Reverse Mortgages: How You Can Leverage One to Create Cash Flow and More

Reverse Mortgages: How You Can Leverage One to Create Cash Flow and More
Topics Mortgage Types

Reverse mortgages – and the mortgage industry in general – have undergone significant changes the past decade. Perhaps the biggest change, however, is how many financial advisors are now incorporating housing wealth into their retirement income planning.

Despite the rise in usage as a retirement planning tool, many consumers are unfamiliar with the options and flexibility reverse mortgages can provide in the right situation. A WSFS Mortgage study found that 31% of respondents reported not being knowledgeable at all about reverse mortgages, 40% slightly knowledgeable and 22% moderately knowledgeable, while just 7% report being very knowledgeable.

Here are tips on how reverse mortgages work and can be used to free up cash flow.

Reverse Mortgage Basics

Compared to reverse mortgages, most respondents in the WSFS Mortgage study felt they had a better understanding of credit cards (65%), a traditional mortgage (61%), personal loans (60%), and a line of credit (51%), underscoring the educational opportunity that exists.

While there are different types of reverse mortgages, a Home Equity Conversion Mortgage (or HECM) is the only reverse mortgage that is insured by the Federal Housing Administration (FHA).

With a reverse mortgage repayment is due when the last of the borrowers no longer occupies the house as their primary residence. At least one borrower must be 62 years old or older and must occupy the house as their primary residence.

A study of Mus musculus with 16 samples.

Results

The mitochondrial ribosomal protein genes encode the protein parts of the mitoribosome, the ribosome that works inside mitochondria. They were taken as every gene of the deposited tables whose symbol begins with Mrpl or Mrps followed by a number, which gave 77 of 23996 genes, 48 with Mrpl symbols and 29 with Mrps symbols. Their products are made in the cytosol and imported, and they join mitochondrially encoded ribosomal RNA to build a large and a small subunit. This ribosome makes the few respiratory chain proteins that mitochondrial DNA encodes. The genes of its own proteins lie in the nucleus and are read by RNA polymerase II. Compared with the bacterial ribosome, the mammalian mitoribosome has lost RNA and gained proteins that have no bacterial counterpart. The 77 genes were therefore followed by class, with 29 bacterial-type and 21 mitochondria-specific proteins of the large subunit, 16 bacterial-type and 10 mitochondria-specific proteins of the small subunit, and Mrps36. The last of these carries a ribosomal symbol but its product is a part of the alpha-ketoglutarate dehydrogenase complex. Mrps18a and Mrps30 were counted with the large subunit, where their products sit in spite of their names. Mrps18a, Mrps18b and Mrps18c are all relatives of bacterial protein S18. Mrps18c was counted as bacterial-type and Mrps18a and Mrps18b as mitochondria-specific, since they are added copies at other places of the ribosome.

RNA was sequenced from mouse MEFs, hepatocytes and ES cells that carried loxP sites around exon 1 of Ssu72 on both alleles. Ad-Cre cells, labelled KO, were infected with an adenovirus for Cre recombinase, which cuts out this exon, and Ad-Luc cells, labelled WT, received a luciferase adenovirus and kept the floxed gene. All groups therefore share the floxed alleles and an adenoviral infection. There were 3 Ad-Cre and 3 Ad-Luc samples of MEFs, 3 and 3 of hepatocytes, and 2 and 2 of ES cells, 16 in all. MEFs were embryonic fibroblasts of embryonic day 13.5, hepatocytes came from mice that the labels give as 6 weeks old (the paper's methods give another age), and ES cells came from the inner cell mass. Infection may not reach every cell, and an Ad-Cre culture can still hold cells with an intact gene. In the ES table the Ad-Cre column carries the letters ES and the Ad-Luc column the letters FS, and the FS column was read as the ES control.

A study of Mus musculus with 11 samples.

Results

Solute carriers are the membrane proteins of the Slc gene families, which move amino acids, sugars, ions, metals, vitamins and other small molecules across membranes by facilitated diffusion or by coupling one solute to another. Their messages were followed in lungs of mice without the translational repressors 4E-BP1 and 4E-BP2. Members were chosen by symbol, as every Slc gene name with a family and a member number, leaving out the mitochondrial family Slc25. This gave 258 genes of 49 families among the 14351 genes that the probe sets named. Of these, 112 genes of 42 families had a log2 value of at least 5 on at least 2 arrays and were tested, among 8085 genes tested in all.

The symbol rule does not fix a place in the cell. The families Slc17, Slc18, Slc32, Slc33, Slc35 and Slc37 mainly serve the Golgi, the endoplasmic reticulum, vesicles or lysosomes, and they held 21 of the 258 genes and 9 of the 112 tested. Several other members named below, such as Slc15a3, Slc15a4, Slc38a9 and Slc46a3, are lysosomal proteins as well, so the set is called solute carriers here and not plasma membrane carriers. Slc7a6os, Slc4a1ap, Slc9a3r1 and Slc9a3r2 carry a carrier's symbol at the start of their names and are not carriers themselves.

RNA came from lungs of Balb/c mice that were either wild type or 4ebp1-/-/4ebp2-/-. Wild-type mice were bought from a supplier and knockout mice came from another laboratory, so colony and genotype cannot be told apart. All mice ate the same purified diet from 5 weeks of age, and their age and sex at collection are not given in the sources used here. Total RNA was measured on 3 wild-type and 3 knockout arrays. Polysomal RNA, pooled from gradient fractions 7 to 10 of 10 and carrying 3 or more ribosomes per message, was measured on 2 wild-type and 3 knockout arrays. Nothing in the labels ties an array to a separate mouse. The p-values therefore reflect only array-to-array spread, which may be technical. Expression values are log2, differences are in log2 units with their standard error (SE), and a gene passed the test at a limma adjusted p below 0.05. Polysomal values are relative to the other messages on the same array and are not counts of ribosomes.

Funds from a reverse mortgage can be provided in lump sums, monthly payments or set up as a line of credit for when you need it.

Reverse Mortgage Uses and Potential Benefits

According to the WSFS Mortgage study, most homeowners with knowledge of reverse mortgages agree they can allow you to stay in your home longer (79%), provide needed cash flow (76%) and more financial freedom (62%) in retirement, and help cover expenses like long-term care (61%).

A reverse mortgage could be a good option for those seeking to supplement their fixed income in retirement. Among just a few of their uses, reverse mortgages can enable homeowners to leverage the equity they’ve built in their home to eliminate existing monthly mortgage payments, provide needed funds without tapping into other retirement savings, pay off other debts, and more.

Another potential usage is for purchasing your next home or upgrading your current home with the features needed to live comfortably in retirement. Homeowners looking to downsize could sell their current home and use the proceeds from that sale coupled with a reverse mortgage on their new home to make the purchase without the need for monthly mortgage payments.

One-third of respondents in the WSFS Mortgage study said they would probably (21%) or definitely consider (13%) a reverse mortgage if it was relevant to their financial situation. After learning more about use cases and benefits of reverse mortgages during the survey, one-in-five respondents indicated they would be more likely to take one out.

While there are a variety of uses for a reverse mortgage, it is important to remember that they’re not the answer for each individuals’ unique situation.

Start by asking yourself some key questions about your finances and goals, such as whether your current home is the right one to age in, will you have the money needed to live the life you want in retirement, and will you be able to cover needed healthcare expenses.

Once you’ve answered a few personal questions about your situation and goals, work closely with your financial advisor and lender, who can help answer any remaining questions you have, evaluate if a reverse mortgage is right for your situation and help weigh the pros and cons.